David Cameron suggests cutting benefits for under-25s
David Cameron has suggested benefits paid to people under the age of 25 could be cut in an effort to reduce long-term worklessness.
In his speech to the Conservative conference, the prime minister promised to "nag and push and guide" young people away from a life on the dole.
It was later confirmed that the government is reviewing policies for 16 to 25-year-olds.
But Labour accused the Conservatives of a "desperate" lack of ideas.
In his speech, Mr Cameron promised to create a "land of opportunity" by boosting business and reducing reliance on benefits.
He also vowed to improve the education system and told party activists that there was still much work to do to fix the economic "mess" left by Labour.
The latest figures from the Department of Work and Pensions showed 1.09 million people between the ages of 16 and 24 were not in work, education or training.
The problem has proved stubbornly hard to tackle across Europe, with rates of youth unemployment soaring above 50% in Spain.
Mr Cameron argued that action was needed in the UK, saying: "There are still over a million young people not in education, employment, or training.
"Today it is still possible to leave school, sign on, find a flat, start claiming housing benefit and opt for a life on benefits. It's time for bold action here."
He promised the Conservatives would consider, as they write their manifesto for the 2015 general election, whether "that option should really exist at all".
A Conservative source has told the BBC the manifesto will definitely contain a commitment to end the automatic entitlement to housing benefit for the under-25s, as suggested previously by Mr Cameron.
In his speech, the prime minister criticised reliance on benefits, saying: "Instead we should give young people a clear, positive choice: Go to school. Go to college. Do an apprenticeship. Get a job.
"But just choose the dole? We've got to offer them something better than that."
He added: "And let no one paint ideas like this as callous. Think about it: with your children, would you dream of just leaving them to their own devices, not getting a job, not training, nothing?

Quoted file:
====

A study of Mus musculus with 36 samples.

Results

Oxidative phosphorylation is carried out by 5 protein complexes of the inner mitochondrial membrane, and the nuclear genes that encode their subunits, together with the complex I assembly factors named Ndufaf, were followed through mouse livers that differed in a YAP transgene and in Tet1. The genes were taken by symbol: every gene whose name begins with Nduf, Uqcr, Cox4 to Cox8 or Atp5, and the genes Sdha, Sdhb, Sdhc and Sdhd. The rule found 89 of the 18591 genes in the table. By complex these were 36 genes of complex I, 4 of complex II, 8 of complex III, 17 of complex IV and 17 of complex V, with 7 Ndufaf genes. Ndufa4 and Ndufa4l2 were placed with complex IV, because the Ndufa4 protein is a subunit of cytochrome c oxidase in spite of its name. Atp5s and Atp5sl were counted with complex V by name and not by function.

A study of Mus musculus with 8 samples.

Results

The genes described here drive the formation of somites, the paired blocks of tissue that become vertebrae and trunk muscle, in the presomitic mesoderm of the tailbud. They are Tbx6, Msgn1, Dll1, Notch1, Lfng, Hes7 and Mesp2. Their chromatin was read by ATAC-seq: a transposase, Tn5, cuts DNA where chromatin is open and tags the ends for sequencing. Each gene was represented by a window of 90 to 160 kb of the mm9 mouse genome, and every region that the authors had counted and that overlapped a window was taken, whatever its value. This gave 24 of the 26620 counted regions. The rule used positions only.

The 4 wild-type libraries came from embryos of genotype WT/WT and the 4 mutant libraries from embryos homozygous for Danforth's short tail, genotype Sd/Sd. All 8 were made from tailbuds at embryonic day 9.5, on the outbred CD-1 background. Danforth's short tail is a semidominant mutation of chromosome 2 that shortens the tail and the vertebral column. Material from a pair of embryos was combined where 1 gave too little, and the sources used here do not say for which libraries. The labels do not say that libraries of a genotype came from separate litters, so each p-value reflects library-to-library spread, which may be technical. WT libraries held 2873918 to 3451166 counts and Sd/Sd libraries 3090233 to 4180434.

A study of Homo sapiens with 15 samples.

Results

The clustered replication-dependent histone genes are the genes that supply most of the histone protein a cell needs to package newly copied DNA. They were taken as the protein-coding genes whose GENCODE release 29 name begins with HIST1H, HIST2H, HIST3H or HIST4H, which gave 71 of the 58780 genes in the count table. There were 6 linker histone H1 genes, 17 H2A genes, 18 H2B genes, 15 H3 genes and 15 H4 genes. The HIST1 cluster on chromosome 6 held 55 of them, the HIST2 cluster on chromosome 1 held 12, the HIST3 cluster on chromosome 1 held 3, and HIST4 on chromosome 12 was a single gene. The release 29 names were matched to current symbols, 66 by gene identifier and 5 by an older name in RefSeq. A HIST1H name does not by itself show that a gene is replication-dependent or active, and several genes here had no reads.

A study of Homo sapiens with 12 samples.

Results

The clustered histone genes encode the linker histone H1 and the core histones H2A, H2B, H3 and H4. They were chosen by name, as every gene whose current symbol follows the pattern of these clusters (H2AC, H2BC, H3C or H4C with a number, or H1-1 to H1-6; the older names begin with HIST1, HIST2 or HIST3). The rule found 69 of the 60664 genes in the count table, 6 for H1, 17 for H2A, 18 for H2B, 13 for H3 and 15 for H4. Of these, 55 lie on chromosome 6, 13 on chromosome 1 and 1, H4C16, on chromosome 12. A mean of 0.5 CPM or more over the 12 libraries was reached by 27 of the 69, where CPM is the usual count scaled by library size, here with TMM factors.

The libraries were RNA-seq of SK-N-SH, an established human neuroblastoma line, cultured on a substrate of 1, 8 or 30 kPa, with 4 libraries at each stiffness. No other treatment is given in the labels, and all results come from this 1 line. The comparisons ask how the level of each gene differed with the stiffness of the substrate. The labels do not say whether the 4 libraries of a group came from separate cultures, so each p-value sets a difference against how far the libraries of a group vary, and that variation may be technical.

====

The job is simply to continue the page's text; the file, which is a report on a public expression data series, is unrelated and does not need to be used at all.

"No - you'd nag and push and guide and do anything to get them on their way… and so must we. So this is what we want to see: everyone under 25 - earning or learning."
During the week-long conference in Manchester, the Conservatives have announced plans to make the long-term unemployed undertake work placements if they want to continue receiving benefits.
Mr Cameron did not set out any specific changes regarding under-25s during his 50-minute speech, but Education Secretary Michael Gove offered more detail when questioned on BBC Radio 4's The World at One.
He announced that Cabinet Secretary Sir Jeremy Heywood was already reviewing the policies in place. He is expected to report his findings by the end of the year.
Mr Gove said: "It is always going to be the case that there are some people for whom you need not so much a nudge as a dunt (a firm blow or stroke) towards the workplace.
"It's important also that we all recognise that welfare is there explicitly to help those people through hard times that it shouldn't become habituated."
He said he would not pre-empt the policy review, adding: "I don't think any of us would want to take away any form of necessary support to young or old vulnerable people."
However, unions warned that any cut in benefits would hurt the worst-off.
TUC general secretary Frances O'Grady said: "Given the government's awful track record of helping young people find jobs, the prime minister's threat to ban the dole for under-25s will simply push hundreds of thousands of young people, including those with young families, even deeper into poverty.
"Young people suffered most in the recession. Today the prime minister has pledged that they will suffer most during the recovery too."
The general secretary of the University and College Union, Sally Hunt, said: "What we need is a real plan at local and national level which provides sustainable and secure employment opportunities for young people and access to education which is useful and mind-broadening.
"Cheap headlines about lazy youngsters or cutting their benefits are no substitute for a strategy which is on the side of young people and allows them to realise their potential."
A Labour spokesperson said: "This is an empty and a desperate attempt to distract from the fact that there was absolutely nothing in David Cameron's speech to deal with the cost-of-living crisis facing families.
"If the Conservatives really wanted to get young people off benefits, they'd be backing Labour's youth jobs guarantee, giving young people who've been out of work for over a year a job they must take or lose benefits."